In recent years a recurring image has appeared in the news: police officers in riot gear confronting Black protesters in urban neighborhoods. In most cases, the officers are white — which only adds to the tension. But often, Black officers are also part of the conflict.
Do they see themselves as cops first, Black second? Do they view their racial background as irrelevant? And how does the Black community feel about Black cops? Those are just a few of the questions addressed in “Black and Blue,” a half-hour documentary by filmmaker and Kansas City Art Institute graduate Solomon Bass.
The film was inspired in part by personal experience, Bass said.
“I’m a security guard at a hospital,” he said. “And I saw a couple of young Black brothers sitting in the emergency room, looking like they needed help. So I asked if I could help them, and they looked at me like I was the enemy.
“I guess they saw my badge, and everything I had on,” Bass said. “The Taser, and all that. So they wouldn’t allow me to help them. They just brushed me off. And I wondered, if I get this kind of pushback from my own community — just me being a security guard — how much do Black police officers get?”
Production on “Black and Blue” began in summer 2017 and took roughly a year to complete. But the film includes footage that Bass shot in Ferguson, Missouri, in 2014 in the aftermath of the fatal police shooting of Michael Brown, an unarmed African-American teenager.
“Probably a week after Mike Brown got killed, I packed my bags and went there,” he said.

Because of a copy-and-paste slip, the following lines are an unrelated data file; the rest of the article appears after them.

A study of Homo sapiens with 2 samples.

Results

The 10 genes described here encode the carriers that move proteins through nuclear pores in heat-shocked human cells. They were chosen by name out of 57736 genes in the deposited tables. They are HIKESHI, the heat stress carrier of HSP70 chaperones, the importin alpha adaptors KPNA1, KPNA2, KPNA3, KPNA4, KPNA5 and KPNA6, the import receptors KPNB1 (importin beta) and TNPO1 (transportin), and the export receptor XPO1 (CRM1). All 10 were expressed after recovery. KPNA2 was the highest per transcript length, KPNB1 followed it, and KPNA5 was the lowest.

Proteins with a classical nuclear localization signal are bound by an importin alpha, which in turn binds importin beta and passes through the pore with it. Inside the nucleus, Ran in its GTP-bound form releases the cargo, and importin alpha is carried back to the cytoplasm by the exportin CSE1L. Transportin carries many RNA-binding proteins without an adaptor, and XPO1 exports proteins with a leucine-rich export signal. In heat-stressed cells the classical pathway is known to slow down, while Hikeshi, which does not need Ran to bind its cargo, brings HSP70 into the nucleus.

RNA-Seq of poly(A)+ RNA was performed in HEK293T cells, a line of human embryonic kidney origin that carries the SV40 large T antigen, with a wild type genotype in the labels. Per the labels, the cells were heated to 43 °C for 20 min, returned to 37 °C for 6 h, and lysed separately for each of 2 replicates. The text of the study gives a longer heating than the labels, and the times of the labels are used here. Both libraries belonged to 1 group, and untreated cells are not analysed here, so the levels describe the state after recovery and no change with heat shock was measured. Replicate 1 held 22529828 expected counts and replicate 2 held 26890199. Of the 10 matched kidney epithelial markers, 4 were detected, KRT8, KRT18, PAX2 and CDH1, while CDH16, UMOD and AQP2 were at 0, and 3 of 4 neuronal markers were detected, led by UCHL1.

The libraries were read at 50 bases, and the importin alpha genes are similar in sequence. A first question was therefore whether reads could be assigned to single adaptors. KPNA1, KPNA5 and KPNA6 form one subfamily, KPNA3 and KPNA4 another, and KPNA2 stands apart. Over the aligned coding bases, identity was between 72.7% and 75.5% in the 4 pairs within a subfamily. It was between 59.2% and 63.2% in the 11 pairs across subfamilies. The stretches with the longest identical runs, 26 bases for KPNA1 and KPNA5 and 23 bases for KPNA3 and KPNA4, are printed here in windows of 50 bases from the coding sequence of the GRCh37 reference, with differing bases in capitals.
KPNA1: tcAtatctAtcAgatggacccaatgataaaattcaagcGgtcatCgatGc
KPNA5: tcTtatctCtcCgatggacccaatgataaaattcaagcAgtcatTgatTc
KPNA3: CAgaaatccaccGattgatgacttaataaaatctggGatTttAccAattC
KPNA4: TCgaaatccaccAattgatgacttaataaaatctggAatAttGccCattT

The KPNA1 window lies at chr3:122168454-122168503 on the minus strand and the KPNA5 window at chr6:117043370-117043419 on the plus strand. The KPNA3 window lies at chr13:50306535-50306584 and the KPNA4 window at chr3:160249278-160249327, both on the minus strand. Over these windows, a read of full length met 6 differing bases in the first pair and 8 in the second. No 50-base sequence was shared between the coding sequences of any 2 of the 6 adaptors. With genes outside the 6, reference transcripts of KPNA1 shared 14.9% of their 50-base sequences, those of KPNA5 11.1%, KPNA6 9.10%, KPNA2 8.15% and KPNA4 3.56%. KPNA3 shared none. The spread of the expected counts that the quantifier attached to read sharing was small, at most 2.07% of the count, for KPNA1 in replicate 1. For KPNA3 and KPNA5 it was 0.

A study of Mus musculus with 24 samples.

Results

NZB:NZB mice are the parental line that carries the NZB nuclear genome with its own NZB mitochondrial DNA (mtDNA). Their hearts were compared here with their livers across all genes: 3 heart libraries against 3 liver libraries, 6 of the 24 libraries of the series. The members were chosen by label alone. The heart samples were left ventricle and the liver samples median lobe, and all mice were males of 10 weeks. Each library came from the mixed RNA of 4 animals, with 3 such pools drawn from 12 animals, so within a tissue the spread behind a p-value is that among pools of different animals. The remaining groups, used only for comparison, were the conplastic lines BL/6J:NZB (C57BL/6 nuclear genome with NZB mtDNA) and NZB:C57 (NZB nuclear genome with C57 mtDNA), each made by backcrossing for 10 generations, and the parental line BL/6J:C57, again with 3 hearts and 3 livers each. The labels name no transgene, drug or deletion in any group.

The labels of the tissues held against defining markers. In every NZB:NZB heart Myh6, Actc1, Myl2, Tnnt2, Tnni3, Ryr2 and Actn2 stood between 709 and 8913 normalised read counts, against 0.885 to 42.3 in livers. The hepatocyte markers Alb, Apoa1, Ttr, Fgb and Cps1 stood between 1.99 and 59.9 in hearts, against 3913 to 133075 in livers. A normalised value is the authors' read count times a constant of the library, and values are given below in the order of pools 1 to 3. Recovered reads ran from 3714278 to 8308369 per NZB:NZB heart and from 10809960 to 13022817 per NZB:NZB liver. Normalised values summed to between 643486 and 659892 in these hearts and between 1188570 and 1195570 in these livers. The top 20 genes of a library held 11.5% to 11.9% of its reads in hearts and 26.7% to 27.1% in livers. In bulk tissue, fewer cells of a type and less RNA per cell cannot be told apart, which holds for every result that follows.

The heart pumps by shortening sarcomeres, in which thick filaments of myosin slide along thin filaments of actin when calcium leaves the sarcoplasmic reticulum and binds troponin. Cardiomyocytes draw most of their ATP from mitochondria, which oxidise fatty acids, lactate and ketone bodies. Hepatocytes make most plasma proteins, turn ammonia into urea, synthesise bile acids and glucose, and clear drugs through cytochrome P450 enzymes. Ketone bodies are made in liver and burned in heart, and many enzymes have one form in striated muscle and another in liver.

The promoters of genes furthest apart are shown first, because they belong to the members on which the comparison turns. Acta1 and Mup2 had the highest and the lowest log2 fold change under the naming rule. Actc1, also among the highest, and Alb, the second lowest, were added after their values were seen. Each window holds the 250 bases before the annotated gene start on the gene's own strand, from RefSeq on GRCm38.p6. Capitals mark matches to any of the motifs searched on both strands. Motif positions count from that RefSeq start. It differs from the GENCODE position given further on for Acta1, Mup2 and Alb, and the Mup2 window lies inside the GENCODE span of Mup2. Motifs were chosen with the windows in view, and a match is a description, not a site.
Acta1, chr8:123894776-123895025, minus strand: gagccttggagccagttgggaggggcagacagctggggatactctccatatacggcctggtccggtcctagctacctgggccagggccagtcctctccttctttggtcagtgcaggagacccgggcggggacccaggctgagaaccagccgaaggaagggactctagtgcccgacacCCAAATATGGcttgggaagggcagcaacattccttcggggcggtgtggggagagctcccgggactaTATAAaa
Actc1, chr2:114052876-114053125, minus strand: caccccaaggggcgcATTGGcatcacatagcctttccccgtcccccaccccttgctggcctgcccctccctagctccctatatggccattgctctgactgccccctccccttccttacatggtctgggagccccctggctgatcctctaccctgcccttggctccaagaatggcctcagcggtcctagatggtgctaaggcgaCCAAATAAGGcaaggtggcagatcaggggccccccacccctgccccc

Brown’s death was one of several that sparked a national debate about police violence against Black people in general and Black men in particular. And it cast a spotlight on Black officers, whose loyalties are often questioned.
In “Black and Blue,” Bass conducts interviews with local residents in which he gauges African-American attitudes about Blacks in blue. Of particular note are the comments of former police officer Donald Carter, who offers insights into the challenges that Black cops face in connecting with their communities.
Persuading some folks to address the subject was a challenge in itself, Bass said.
“A lot of people were skeptical,” he said. “Like, ‘I’m not going to get arrested for this, am I?’ But it’s freedom of speech.”
Bass received $6,000 to make “Black and Blue” through Rocket Grants, a partnership of the Charlotte Street Foundation and the Spencer Museum of Art. Funding for the program is provided by the Andy Warhol Foundation for the Visual Arts. A public screening was held in August, and Bass is pursuing other opportunities to get the documentary seen, such as film festivals.
In the documentary, one of Bass’s interviewees — an older man — recalls a time when Black officers were embraced by the Black community instead of being viewed with suspicion.
“Back then, there was more unity, because they were fighting for the same things: freedom and equality,” Bass said. “I believe we felt each other’s pain more.”